With the warmer temperatures of spring, mosquitos are back in action. These annoying pests love stagnant water, so one way to reduce mosquito activity in your home is to eliminate moisture-prone areas in and around your home. In today’s post, gutters replacement contractor Gutter Helmet® of Eastern NY shares a look at some strategies that can help.
1. Use Structural Barriers
Mosquitoes frequently bite indoors, which is why they should be prevented from getting into your home. Structural barriers such as insect screens (which come with most replacement windows or can be purchased separately), mosquito nets and baby netting help prevent contact. Gaps in the weatherstripping should be fixed to prevent potential points of access.
2. Eliminate Mosquito Habitats
Mosquitoes lay their eggs on standing water, so it’s important to ensure there’s no standing water in your home. Get rid of water in open jars, old tires, and soda bottles. Even water in a bottle cap is enough for mosquitoes to breed in. If you have a swimming pool, keep the water treated and circulating. Address any gutter issues, as standing water in the gutter can also be a mosquito habitat. Seamless gutters are less prone to hold water than sectional ones, making them a worthwhile investment.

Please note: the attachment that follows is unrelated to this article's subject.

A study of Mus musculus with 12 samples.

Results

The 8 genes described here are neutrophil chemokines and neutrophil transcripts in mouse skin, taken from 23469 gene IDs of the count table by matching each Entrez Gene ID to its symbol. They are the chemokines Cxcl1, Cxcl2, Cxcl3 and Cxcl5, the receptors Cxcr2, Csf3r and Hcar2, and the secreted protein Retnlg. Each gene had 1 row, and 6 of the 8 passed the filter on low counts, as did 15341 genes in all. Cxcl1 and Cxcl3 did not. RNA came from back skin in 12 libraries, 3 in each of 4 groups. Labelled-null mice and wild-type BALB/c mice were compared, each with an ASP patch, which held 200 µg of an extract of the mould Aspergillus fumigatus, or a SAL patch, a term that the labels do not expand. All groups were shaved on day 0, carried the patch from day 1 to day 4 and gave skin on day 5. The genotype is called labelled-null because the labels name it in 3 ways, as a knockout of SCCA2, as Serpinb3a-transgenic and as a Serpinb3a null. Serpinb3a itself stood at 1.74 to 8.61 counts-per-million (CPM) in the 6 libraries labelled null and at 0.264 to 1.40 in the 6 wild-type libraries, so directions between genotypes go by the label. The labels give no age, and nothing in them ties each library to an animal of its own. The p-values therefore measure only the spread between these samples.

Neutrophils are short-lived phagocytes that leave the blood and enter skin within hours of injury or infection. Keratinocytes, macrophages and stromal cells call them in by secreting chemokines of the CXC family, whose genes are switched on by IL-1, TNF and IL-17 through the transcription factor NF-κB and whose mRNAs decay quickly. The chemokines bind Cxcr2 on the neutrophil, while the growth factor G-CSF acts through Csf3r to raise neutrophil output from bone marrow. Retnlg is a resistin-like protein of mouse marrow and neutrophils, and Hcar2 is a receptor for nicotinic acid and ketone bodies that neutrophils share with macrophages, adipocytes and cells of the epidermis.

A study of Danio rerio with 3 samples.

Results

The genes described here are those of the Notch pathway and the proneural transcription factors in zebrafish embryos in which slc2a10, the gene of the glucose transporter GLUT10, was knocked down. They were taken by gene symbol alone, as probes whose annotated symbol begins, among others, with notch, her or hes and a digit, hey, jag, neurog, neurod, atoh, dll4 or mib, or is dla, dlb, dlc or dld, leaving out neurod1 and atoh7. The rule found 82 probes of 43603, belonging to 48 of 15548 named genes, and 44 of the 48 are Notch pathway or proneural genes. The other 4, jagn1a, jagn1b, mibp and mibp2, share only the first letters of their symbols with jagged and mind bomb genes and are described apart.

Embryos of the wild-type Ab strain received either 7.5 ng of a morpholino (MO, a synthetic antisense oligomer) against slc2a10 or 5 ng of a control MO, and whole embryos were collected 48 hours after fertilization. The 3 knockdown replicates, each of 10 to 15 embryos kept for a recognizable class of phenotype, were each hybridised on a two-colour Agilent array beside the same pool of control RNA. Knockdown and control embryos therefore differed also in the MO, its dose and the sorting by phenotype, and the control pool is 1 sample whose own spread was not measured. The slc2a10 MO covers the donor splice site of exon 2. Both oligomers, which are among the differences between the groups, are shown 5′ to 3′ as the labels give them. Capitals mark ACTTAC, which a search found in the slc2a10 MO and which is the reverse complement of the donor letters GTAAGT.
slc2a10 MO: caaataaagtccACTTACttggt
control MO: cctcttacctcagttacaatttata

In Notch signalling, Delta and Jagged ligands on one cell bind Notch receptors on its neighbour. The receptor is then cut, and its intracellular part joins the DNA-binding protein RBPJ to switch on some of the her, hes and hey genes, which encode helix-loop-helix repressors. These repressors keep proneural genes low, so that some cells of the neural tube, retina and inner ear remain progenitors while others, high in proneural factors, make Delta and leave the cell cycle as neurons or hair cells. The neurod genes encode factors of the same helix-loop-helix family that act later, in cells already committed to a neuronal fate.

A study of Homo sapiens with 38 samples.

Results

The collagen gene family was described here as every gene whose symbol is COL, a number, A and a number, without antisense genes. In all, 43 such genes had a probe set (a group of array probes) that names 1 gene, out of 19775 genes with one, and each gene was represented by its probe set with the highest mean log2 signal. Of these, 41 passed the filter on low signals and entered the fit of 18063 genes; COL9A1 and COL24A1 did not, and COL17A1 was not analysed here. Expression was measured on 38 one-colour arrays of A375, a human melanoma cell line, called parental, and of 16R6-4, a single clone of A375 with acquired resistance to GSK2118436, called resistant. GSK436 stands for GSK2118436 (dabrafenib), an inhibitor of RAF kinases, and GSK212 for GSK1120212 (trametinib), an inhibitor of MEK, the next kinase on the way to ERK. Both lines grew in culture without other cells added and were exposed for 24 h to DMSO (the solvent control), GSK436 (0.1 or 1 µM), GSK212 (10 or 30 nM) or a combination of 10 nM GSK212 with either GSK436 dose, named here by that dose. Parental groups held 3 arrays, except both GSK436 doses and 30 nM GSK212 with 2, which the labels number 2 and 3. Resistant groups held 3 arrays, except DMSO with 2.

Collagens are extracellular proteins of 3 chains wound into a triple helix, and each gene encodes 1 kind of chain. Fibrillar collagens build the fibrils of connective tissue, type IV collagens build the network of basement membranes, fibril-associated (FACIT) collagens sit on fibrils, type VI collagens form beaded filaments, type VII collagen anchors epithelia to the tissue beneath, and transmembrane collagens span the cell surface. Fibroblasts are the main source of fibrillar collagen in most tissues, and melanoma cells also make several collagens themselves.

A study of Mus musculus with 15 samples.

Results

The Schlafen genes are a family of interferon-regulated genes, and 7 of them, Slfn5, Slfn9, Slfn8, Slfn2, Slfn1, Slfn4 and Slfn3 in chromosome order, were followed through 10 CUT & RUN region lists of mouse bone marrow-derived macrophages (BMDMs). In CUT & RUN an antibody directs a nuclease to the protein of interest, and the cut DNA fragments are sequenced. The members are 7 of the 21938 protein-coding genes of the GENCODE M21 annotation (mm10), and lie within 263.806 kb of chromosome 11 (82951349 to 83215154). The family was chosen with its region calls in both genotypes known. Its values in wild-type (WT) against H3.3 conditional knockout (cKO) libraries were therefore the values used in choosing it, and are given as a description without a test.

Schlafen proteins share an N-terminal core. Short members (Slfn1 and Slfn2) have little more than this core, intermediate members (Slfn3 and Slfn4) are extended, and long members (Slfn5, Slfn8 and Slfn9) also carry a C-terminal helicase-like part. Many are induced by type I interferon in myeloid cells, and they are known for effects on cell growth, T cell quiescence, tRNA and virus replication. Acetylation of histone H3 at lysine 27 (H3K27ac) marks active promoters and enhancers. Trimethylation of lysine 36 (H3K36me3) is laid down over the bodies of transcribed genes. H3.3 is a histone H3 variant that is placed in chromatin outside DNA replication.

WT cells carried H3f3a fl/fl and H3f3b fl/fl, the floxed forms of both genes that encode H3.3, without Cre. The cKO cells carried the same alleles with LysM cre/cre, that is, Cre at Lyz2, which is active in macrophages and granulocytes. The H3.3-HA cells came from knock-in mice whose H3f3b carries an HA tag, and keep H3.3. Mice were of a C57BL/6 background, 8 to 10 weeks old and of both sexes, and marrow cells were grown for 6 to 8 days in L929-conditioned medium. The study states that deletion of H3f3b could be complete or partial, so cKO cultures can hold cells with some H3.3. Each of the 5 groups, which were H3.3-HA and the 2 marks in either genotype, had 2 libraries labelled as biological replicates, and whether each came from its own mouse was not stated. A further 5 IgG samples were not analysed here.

3. Control Mosquito Larvae
Mosquito larvae, also known as “wrigglers,” hatch from mosquito eggs within 48 hours after laying. Getting rid of eggs and larvae using larvicides before disposing of the water is fairly effective, but doesn’t completely remove mosquitoes. Where there are eggs, there are female mosquitoes. You might be surprised to know that only female mosquitoes bite; males consume plant nectar for sustenance.
4. Control Adult Mosquitoes
EPA-registered pesticides, also known as “adulticides”, are particularly effective, but must only be done by professionals. These pesticides are dispersed using ultra-low volume (ULV) sprays, which means the droplets are so small, they drift in the air, which kills airborne mosquitoes. You will need to consult with a local EPA office if you are noticing a large number of adult mosquitoes in your area.